First of all, if March retail sales benefited from warm weather, April should have suffered from one of the coldest such periods in history. Besides weather, gasoline prices have gradually risen through the period to a current peak, thanks to tight refinery production. At the same time, other prices have continued to rise at a robust pace, including the price of the oft-excluded foods category.
Fluctuations in food prices have historical been discounted because they mostly occurred due to seasonal and weather influences. However, as we've been discussing here since early this year, the current trend is different. New uses for food, specifically corn in ethanol production, have driven up the price of foods across the horizontal field and vertical chain. As more acreage is used for corn planting, less is available for wheat and soybean production, driving up the prices of surrogate grains. Increasing costs for feed raise expenditures for protein producers, and we've seen those increases of input costs mostly transferred over to the consumer through higher beef, pork and poultry prices at the market.
While these price pressures have mounted, ARMS loans across the country are triggering adjustments of monthly payment burdens higher for many Americans. Meanwhile, the turmoil within the subprime lending sector, and increasing foreclosures and defaults have made a real impact on lending standards. Credit is getting harder to come by, and credit my friends drives American buying power. Evidence of this was provided just last week when General Motors blamed its poor results on its GMAC lending unit, in which it retains a 49% share.
All these factors make this week an especially telling one. Important credit, retail and Fed policy news will reach the market, and potentially awaken it to the likelihood of an increasingly thrifty American consumer. When the American consumer stops spending, that's when you start to see layoffs, weaker ISM data, slowing corporate earnings and recession. We have benefited for quite some time now from American ventures overseas, but American companies and the economy remain mostly driven by American expenditures. This is the basis of our thesis that the economy will weaken into recession this year.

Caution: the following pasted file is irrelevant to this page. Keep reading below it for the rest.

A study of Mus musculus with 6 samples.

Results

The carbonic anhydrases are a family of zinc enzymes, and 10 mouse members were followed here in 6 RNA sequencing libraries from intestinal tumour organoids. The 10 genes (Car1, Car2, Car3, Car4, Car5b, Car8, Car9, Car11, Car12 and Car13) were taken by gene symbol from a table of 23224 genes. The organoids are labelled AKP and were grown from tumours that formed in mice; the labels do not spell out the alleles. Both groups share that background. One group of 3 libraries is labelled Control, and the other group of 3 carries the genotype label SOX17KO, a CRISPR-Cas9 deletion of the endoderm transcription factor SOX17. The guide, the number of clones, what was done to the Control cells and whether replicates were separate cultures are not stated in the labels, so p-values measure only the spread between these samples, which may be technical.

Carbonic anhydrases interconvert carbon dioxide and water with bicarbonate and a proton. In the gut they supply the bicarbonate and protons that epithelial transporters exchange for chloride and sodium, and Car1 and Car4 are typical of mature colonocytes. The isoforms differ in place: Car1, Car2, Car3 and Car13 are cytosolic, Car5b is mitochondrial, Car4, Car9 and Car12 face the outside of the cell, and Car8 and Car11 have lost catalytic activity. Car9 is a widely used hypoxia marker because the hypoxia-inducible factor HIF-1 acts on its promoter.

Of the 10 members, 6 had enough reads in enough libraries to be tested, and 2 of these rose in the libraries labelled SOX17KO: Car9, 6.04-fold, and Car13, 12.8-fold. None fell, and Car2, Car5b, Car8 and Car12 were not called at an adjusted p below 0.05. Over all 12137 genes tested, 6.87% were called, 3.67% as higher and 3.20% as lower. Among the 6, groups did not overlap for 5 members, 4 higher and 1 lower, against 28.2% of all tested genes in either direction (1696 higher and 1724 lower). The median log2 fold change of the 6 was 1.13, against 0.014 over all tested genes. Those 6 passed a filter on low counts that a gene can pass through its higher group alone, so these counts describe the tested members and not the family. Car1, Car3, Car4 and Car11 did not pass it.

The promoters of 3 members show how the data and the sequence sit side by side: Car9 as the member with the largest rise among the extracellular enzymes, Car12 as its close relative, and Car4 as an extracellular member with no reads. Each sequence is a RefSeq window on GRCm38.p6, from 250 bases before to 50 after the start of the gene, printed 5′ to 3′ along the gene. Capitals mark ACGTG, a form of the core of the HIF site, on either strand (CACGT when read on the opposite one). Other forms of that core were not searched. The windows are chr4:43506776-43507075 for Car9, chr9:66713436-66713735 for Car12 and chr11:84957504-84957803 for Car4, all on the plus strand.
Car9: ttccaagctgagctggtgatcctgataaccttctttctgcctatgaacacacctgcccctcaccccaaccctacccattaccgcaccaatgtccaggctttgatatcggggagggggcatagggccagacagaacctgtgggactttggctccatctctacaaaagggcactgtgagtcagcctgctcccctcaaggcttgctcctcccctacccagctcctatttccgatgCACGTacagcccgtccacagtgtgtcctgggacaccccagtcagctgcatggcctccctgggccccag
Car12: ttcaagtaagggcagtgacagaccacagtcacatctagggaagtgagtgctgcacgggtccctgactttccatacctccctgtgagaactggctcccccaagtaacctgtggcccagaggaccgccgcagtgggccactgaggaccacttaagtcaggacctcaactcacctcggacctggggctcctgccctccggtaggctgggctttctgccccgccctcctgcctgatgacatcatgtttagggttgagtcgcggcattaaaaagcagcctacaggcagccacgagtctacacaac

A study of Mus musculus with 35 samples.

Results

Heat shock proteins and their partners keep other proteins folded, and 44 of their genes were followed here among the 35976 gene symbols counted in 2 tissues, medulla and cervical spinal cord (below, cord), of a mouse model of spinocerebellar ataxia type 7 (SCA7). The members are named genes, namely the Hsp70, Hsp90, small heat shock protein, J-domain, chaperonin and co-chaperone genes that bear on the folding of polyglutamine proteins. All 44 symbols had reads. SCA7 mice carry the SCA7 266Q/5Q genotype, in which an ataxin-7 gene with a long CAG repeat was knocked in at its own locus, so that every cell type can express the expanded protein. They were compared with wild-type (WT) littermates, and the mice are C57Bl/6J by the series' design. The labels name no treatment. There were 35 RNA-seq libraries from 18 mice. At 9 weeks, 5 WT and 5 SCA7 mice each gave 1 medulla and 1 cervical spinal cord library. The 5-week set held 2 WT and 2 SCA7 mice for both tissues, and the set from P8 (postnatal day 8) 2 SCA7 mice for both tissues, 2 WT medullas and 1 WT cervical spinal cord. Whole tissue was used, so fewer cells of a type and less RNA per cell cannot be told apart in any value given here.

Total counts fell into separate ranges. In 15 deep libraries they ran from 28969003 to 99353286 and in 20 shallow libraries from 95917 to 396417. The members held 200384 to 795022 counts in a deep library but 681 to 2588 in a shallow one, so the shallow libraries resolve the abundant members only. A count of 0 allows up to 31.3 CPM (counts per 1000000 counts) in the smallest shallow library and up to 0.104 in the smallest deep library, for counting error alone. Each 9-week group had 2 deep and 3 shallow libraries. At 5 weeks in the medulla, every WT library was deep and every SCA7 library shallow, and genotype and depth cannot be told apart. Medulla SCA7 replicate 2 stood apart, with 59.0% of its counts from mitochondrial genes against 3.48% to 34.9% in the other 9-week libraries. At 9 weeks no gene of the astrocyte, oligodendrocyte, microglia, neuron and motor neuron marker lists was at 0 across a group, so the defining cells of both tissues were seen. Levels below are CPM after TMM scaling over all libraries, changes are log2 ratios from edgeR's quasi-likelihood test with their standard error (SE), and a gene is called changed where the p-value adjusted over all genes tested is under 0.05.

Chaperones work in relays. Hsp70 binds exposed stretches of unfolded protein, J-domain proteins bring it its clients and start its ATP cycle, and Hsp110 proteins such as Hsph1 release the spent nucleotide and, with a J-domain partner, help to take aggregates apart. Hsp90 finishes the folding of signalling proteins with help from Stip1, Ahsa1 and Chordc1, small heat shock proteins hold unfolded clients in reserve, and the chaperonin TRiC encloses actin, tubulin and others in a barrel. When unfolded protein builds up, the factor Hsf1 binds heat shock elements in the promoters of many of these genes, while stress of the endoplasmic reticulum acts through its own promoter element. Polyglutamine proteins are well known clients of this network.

We expect that as a result of the Fed's miscommunication last time around, it will be sure to include inflation discussion in its official statement this time. We expect no change in the benchmark rate, and the market to raise the red flag that support may not arrive in time to save the economy from falling into recession. Now, while Wall Street Greek expects Q1 GDP data to be revised upward, we also believe the economy will fall into recession this year. With poor news from the FOMC and our expectation that April retail sales will fall far short of consensus expectations for 0.4% growth, we expect the market will turn its focus to a weakening consumer, as that pillar of strength cracks.
Now, individual retailers and consumer driven companies reporting quarterly earnings should not yet show the impact of April's newly found weakness within earnings results, however, there is risk that reporting retailers could reset guidance lower based on April's weak sales. Some of the consumer driven stocks with this risk, reporting earnings this week and next, include Blue Nile (NASDAQ:NILE), Shoe Pavilian (SHOE), Rubios Restaurants (RUBO), Steak 'n Shake (SNS), Autobytel.com (NASDAQ:ABTL), California Pizza Kitchen (NASDAQ:CPKI), Carrol's Restaurant Group (NASDAQ:TAST), Cosi Inc. (NASDAQ:COSI), Urban Outfitters (NASDAQ:URBN), Fossil Inc. (NASDAQ:FOSL), Home Depot (NYSE:HD), Jack in the Box (JBX), Deb Shops (DEBS), and Kohl's (NYSE:KSS).